The Company Men

January 27th, 2011


Still of Tommy Lee Jones and Ben Affleck in The Company MenStill of Roger Deakins and John Wells in The Company MenStill of Ben Affleck and Rosemarie DeWitt in The Company MenStill of Kevin Costner and Ben Affleck in The Company MenStill of Chris Cooper in The Company Men

The story centers on a year in the life of three men trying to survive a round of corporate downsizing at a major company - and how that affects them, their families, and their communities.

Release Year: 2010

Rating: 6.8/10 (15,399 voted)

Critic's Score: 69/100

Director: John Wells

Stars: Ben Affleck, Chris Cooper, Tommy Lee Jones

When the GTX Corporation must cut jobs to improve the company's balance sheet during the 2010 recession, thousands of employees will take the hit, like Bobby Walker (Ben Affleck). Bobby learns the real life consequences of not having a job. Not only does he see a change to his family lifestyle, and the loss of his home, but also his feelings of self-worth.

Ben Affleck - Bobby Walker
Tommy Lee Jones - Gene McClary
Chris Cooper - Phil Woodward
Suzanne Rico - Gail
Kent Shocknek - Rittenour
Adrianne Krstansky - Carol
Lewis D. Wheeler - Ken
Celeste Oliva - Jane
Tom Kemp - Conal
Nancy Villone - Diane
Chris Everett - Barbara
Maria Bello - Sally Wilcox
Lance Greene - Landry
Kathy Harum - Karen
Allyn Burrows - Stevens

Taglines: In America, We Give Our Lives To Our Jobs. It's Time To Take Them Back


Official Website: Official site [Japan] | The Weinstein Company [United States] |

Release Date: 27 January 2011

Filming Locations: Boston, Massachusetts, USA

Box Office Details

Budget: $15,000,000 (estimated)

Opening Weekend: $647,797 (USA) (23 January 2011) (106 Screens)

Gross: $4,439,063 (USA) (15 May 2011)

Technical Specs


Continuity: When Jim comes to Gene with a "peace offering" of Glenfiddich single malt, he pours himself a glass and places the bottle on the mantle with the back label facing out. The camera cuts to Gene, and when it cuts back to Jim, the bottle has been turned so the front label faces out.

Phil Woodward: You know the worst part?
[a beat]
Phil Woodward: The world didn't stop. The newspaper still came every morning, the automatic sprinklers went off at six. Jerry next door still washed his car every Sunday.
Phil Woodward: My life ended and nobody noticed.

User Review

Yes Virginia, unemployment hits rich people hard too

Rating: 7/10

There is something compelling yet mildly offensive about The Company Men. Set during the American economic collapse of 2008, it dwells on the human impact of corporate downsizing (a painful euphemism that pops up regularly during the film) on a fictional shipping company. Dozens of executives are ushered into unemployment as the company's owner, Jim Salinger (Craig T. Nelson) wriggles and cost-cuts to boost the flagging share price. Salinger reels off staff redundancy numbers in thousands, leaving his lawyers to decide who stays and who goes. There is a voice of conscience in all this (Gene McClary, played by Tommy Lee Jones) but it is ineffectual. Most of those to fall under the axe are, of course, blue-collar workers - but The Company Men boldly decides to show us the other side of the coin. The victims here live in wealthy neighbourhoods, drive Porsches, buy Hepplewhite furniture and borrow the company jet to ski in Aspen.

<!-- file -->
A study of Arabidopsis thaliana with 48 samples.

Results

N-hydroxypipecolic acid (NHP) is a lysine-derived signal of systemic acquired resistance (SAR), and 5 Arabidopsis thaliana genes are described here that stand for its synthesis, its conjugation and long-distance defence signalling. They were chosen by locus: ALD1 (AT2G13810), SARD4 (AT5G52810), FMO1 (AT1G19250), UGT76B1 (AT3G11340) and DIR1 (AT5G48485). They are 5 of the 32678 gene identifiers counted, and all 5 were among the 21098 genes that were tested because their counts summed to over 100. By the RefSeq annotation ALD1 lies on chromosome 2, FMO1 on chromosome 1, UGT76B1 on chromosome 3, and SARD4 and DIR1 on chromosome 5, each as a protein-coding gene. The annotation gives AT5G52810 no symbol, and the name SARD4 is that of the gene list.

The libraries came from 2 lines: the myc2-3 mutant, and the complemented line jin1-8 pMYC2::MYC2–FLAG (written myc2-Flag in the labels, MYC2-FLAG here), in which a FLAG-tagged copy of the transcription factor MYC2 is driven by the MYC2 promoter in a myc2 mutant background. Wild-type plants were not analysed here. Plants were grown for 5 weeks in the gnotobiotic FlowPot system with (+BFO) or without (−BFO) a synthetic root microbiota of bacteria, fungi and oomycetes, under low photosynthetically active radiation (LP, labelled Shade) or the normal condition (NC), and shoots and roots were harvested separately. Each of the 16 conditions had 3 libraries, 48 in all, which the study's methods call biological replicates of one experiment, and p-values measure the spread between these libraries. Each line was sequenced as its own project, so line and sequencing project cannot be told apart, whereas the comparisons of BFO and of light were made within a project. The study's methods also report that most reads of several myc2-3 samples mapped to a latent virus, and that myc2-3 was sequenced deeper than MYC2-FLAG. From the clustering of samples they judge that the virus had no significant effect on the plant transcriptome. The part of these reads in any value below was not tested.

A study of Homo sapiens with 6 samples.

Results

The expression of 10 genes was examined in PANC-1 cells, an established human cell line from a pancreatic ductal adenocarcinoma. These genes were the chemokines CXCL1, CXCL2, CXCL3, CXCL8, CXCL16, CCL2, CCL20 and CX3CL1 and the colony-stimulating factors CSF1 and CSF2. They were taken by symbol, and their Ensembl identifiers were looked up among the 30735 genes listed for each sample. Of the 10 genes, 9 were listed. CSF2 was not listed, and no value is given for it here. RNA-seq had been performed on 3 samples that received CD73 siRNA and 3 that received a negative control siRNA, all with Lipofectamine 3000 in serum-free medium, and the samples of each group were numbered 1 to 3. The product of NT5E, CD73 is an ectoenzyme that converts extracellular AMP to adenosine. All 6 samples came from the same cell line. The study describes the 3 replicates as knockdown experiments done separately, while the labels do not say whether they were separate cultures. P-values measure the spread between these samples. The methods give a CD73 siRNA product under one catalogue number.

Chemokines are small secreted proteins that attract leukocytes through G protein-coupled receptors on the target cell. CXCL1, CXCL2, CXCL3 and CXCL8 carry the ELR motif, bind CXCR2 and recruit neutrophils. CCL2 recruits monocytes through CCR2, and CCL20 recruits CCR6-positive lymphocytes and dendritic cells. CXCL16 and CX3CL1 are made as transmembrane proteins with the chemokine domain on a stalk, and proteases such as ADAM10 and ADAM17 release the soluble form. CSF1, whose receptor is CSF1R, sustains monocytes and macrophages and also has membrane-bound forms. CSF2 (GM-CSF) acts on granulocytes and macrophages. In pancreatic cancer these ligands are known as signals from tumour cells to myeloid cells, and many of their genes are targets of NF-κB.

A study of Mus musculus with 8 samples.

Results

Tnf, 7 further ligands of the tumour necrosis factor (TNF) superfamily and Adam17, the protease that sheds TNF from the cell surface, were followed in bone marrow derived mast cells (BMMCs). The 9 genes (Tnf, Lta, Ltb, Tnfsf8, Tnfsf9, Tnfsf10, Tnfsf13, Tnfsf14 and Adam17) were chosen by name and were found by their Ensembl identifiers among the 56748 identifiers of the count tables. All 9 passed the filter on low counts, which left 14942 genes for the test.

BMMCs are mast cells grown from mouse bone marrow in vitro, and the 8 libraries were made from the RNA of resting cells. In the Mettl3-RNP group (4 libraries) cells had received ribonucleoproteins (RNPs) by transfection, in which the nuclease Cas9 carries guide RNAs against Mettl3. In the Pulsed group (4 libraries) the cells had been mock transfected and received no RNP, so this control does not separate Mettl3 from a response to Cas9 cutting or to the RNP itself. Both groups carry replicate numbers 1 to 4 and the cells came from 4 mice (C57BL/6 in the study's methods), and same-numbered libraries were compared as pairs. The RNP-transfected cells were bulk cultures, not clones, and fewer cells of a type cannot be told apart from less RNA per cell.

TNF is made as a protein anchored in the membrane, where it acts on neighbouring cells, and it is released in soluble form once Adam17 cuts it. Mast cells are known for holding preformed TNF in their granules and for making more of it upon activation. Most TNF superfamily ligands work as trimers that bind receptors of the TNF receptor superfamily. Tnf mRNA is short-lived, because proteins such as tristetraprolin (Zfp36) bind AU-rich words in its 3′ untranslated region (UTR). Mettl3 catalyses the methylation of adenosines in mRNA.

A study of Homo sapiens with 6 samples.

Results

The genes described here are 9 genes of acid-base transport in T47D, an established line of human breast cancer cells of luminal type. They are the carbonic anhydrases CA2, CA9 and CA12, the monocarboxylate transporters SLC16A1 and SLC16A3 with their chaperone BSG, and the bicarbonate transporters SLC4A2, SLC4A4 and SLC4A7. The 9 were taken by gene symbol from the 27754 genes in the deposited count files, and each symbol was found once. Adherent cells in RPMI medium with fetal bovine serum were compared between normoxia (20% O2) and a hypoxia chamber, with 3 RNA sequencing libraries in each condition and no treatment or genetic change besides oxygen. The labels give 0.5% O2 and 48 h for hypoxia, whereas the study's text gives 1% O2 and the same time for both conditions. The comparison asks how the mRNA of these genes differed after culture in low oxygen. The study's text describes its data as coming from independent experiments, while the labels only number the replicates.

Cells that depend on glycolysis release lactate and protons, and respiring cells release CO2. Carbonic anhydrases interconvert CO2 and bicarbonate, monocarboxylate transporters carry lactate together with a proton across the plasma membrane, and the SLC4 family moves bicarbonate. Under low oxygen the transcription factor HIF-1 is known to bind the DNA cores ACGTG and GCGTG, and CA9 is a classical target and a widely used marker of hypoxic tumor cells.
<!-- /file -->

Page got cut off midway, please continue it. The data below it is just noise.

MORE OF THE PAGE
Bobby Walker (Ben Affleck) is the lead victim, a sales executive once on $120,000 a year plus bonuses and stock incentives. Cocksure and in denial of his situation, Bobby expects to walk into another job within days. But as we are shown by montages of long interview queues and full 'career centres', he's far from alone. Before long Bobby is collecting his last redundancy payment and waving ta-ta to the sports car, the golf club membership and even the family house. His wife goes back to work but this isn't enough to salvage much of their old life. The core of this movie is how Bobby struggles to recognise and adjust to his new circumstances. It's a painful reality but an easy one to empathise with, since most of us have been there ourselves.

This is where The Company Men becomes morally dubious. Bobby Walker loses more than the thousands of blue-collar workers who have shared his fate, yet he is undeniably still better off then they are. We see and hear little of their fate in this whole farrago. It is tenuously represented in the sarcasm of Bobby's brother-in-law Jack (Kevin Costner), who is a much underused character. Jack correctly thinks Bobby is an arrogant suit too concerned with wealth and ladder-climbing; he needles him about corporate America's irresponsibility and disregard for ordinary people. Yet it is Jack who offers Bobby a job with his construction firm, which he reluctantly accepts. To its credit, The Company Men doesn't fall for the trap of having them become best buddies. What it could have used is some more insight into the more profound effects that 'downsizing' has on blue-collar workers.

The Company Men is well written and skilfully directed. Affleck is in fine form, able to portray the subtle change from denial to desperation and then to despair. The material didn't stretch the rest of the cast (plenty of sighs and forlorn looks) but they nevertheless handled it with aplomb.